The SRCMN’s final event for the year heralded our third visit from Darebin Parklands Senior Ranger Peter Wiltshire. Since our first workshop, Peter has guided residents of the Strathbogie Shire. For his third visit, we moved out of the every beautiful Euroa Arboretum and into the backyards of Euroa.
To put everything we had learned from previous workshops into practice, we needed to get out into the real world. In real backyards, the group was instructed on the subtleties of managing and trapping Common Mynas which included:
- Use dry, preferably red cat food for bait
- Put the bait in a container, not on the ground
- To get Mynas used to feeding, place the bait container in the area you wish to trap for a few days before deploying the trap
- When first deploying the trap, leave the door in the first chamber open for a few days to get the Mynas used to entering it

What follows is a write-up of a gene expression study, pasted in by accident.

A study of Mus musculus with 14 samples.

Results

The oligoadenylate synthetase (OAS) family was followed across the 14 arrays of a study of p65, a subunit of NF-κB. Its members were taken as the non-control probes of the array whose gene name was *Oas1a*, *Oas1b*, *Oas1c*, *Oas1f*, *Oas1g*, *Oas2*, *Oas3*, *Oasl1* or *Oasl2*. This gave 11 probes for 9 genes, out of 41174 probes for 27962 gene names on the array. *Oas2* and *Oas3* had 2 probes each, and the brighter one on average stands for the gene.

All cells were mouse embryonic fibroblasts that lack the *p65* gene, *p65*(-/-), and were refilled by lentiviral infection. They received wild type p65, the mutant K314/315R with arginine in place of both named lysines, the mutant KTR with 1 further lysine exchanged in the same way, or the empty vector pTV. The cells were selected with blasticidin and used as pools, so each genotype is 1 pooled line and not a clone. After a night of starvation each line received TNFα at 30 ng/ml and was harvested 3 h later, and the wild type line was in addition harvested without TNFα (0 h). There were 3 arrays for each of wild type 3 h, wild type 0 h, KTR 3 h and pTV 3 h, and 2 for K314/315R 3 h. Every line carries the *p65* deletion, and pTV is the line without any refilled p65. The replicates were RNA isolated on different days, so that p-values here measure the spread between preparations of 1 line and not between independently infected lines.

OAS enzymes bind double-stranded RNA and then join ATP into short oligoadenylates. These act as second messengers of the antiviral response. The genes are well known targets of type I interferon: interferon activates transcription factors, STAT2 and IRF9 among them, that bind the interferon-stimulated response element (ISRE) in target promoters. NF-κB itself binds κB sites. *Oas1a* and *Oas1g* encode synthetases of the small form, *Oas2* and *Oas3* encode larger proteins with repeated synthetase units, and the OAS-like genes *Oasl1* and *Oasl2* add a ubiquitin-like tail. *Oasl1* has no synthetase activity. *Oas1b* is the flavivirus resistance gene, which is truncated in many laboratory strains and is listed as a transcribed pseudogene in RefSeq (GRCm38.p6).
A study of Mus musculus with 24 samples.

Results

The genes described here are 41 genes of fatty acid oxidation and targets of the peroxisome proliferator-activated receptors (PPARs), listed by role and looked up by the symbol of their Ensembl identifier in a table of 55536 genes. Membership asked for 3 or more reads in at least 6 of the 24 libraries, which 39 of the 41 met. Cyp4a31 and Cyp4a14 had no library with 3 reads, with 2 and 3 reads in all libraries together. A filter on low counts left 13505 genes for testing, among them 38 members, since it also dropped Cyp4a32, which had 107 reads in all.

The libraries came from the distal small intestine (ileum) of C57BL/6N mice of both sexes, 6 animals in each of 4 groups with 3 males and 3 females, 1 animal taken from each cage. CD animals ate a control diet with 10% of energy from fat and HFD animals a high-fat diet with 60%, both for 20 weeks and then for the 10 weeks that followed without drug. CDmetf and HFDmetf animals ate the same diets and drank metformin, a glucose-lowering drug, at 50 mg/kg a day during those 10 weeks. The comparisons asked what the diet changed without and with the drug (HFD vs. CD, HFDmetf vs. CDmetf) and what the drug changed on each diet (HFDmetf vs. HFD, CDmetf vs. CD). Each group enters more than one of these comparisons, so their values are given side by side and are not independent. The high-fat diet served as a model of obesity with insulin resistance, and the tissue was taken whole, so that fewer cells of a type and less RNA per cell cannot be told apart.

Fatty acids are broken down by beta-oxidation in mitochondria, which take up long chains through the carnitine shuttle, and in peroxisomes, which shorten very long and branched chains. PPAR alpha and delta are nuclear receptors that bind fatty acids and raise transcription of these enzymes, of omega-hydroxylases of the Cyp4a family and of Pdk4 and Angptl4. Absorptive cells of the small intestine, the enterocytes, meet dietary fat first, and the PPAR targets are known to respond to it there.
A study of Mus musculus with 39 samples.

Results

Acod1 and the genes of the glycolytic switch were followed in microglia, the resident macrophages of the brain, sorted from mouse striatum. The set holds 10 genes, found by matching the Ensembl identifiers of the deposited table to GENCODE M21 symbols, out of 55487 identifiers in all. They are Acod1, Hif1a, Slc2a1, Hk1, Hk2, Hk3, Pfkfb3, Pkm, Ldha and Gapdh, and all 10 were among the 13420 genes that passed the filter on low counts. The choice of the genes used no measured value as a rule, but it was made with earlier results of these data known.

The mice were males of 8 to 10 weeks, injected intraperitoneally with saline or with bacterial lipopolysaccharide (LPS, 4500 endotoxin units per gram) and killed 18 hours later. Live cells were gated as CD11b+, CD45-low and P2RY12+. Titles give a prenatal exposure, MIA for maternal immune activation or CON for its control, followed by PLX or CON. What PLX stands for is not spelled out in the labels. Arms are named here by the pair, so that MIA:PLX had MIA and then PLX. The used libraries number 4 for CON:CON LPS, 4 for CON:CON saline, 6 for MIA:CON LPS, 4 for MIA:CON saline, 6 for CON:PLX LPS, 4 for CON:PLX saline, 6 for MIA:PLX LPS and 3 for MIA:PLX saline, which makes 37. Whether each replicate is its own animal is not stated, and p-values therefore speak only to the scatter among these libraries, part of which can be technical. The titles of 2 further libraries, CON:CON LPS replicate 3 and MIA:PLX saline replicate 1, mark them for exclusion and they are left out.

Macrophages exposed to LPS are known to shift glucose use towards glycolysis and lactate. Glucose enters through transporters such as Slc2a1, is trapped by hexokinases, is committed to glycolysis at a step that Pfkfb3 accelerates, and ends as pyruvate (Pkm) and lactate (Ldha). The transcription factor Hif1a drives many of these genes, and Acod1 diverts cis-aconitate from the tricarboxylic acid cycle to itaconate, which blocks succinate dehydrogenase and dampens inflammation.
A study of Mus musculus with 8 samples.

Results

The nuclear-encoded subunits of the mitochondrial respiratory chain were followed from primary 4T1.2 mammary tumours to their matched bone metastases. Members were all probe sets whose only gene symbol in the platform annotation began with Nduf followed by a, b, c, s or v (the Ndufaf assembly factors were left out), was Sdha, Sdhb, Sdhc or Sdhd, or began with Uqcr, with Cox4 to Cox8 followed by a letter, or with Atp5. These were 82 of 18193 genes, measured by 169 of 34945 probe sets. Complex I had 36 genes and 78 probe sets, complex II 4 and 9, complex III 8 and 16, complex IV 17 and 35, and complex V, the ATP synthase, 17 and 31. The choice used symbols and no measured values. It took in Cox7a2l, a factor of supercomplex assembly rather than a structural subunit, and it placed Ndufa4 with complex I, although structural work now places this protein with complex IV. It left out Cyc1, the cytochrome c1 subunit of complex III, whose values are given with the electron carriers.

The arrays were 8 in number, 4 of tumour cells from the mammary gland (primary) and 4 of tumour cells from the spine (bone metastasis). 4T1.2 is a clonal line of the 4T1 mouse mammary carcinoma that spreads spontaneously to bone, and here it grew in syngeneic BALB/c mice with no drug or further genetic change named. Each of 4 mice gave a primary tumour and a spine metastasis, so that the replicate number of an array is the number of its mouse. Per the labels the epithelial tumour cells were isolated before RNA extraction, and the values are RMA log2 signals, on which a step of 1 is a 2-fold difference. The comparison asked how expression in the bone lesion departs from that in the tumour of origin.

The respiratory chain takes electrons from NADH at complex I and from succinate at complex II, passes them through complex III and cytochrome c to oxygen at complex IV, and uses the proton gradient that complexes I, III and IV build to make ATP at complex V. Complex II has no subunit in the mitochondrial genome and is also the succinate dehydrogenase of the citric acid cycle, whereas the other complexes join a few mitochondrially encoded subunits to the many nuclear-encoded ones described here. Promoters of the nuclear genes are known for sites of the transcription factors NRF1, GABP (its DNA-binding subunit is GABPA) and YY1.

- Put a light coloured sheet of rigid material under the trap so Mynas can easily see the bait
- Make the bait in the second chamber more attractive than that in the first
- If possible, include a shiny object in the second chamber to further attract Mynas
- Do not check the trap during the day or the Mynas may get suspicious of you
- Include a shading material above the second chamber to protect caught Mynas from direct sunlight
- Include a water container in the second chamber that cannot be tipped over or spilt by trapped Mynas
- Place the trap in a wide open space that is visible to Mynas perching on fences, trees and roofs
- Make other food sources (like chook or dog food) inaccessible to Mynas
Thanks to Darren Mason, Brendan Paterson and Justus and Janet Hagen for allowing us to use their backyards. Thanks also to Peter Wiltshire for coming out and supporting us through our Myna control journey.